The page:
Over the past several months, I have talked with members all across the country about their ideas to engage buyers and re-energize the marketplace. On Thursday on behalf of NAR’s 1.2 millions members, I shared the best of these ideas at a hearing about strengthening the housing market before the House of Representatives Small Business Committee.
The first is a homebuyer tax credit, which has broad support among our membership. In 1975, when the country was facing an economic situation similar to today, a temporary tax credit helped cut high inventory caused by the over-supply of newly constructed homes in an economic downturn.
For the homebuyer tax credit to have optimal impact it must include three features. First, it would apply to all residential real estate, not just foreclosed property. Second, by making the tax credit temporary buyers would need to act in a relatively short amount of time. Third, to increase purchasing power income limits be increased, especially for single individuals. All three features are necessary for the tax credit to bring buyers back to the market.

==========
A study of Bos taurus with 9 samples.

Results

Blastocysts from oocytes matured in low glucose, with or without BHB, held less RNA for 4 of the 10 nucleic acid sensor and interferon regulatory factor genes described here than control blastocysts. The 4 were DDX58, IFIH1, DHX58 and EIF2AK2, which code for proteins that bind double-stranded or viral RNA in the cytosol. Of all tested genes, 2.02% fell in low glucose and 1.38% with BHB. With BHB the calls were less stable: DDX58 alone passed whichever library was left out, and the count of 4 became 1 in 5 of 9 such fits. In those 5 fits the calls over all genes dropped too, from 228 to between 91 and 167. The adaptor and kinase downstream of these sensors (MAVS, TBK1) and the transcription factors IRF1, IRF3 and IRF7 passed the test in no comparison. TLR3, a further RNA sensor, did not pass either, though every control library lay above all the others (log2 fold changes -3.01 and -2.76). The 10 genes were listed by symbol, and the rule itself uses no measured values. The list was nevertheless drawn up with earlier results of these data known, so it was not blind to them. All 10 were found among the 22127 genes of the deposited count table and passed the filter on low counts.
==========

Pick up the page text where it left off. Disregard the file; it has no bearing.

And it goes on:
The second idea is to bring back the small investor, who currently is penalized by an out-of-date tax law. In 1986, when the tax code was written, individuals who earned less than $100,000 could take advantage of an exemption that allowed them to continue to invest in real estate as individual owner-landlords while not paying higher taxes. With the median salary having increased over the past 22 years, less people can take advantage of the exemption. So, I urged Congress to index the $100,000 income cap for inflation. In today dollars, the cap would increase to $185,000, which would greatly expand the available pool of small investors. And more investors means more homes sold.
The homebuyer tax credit and bringing back small investors are two excellent ideas to jumpstart the housing market. We’ll keep you updated on their progress as they move through Congress, and let us know if you have more great ideas to rebuild the market. – Jim Helsel, 2008 NAR Treasurer.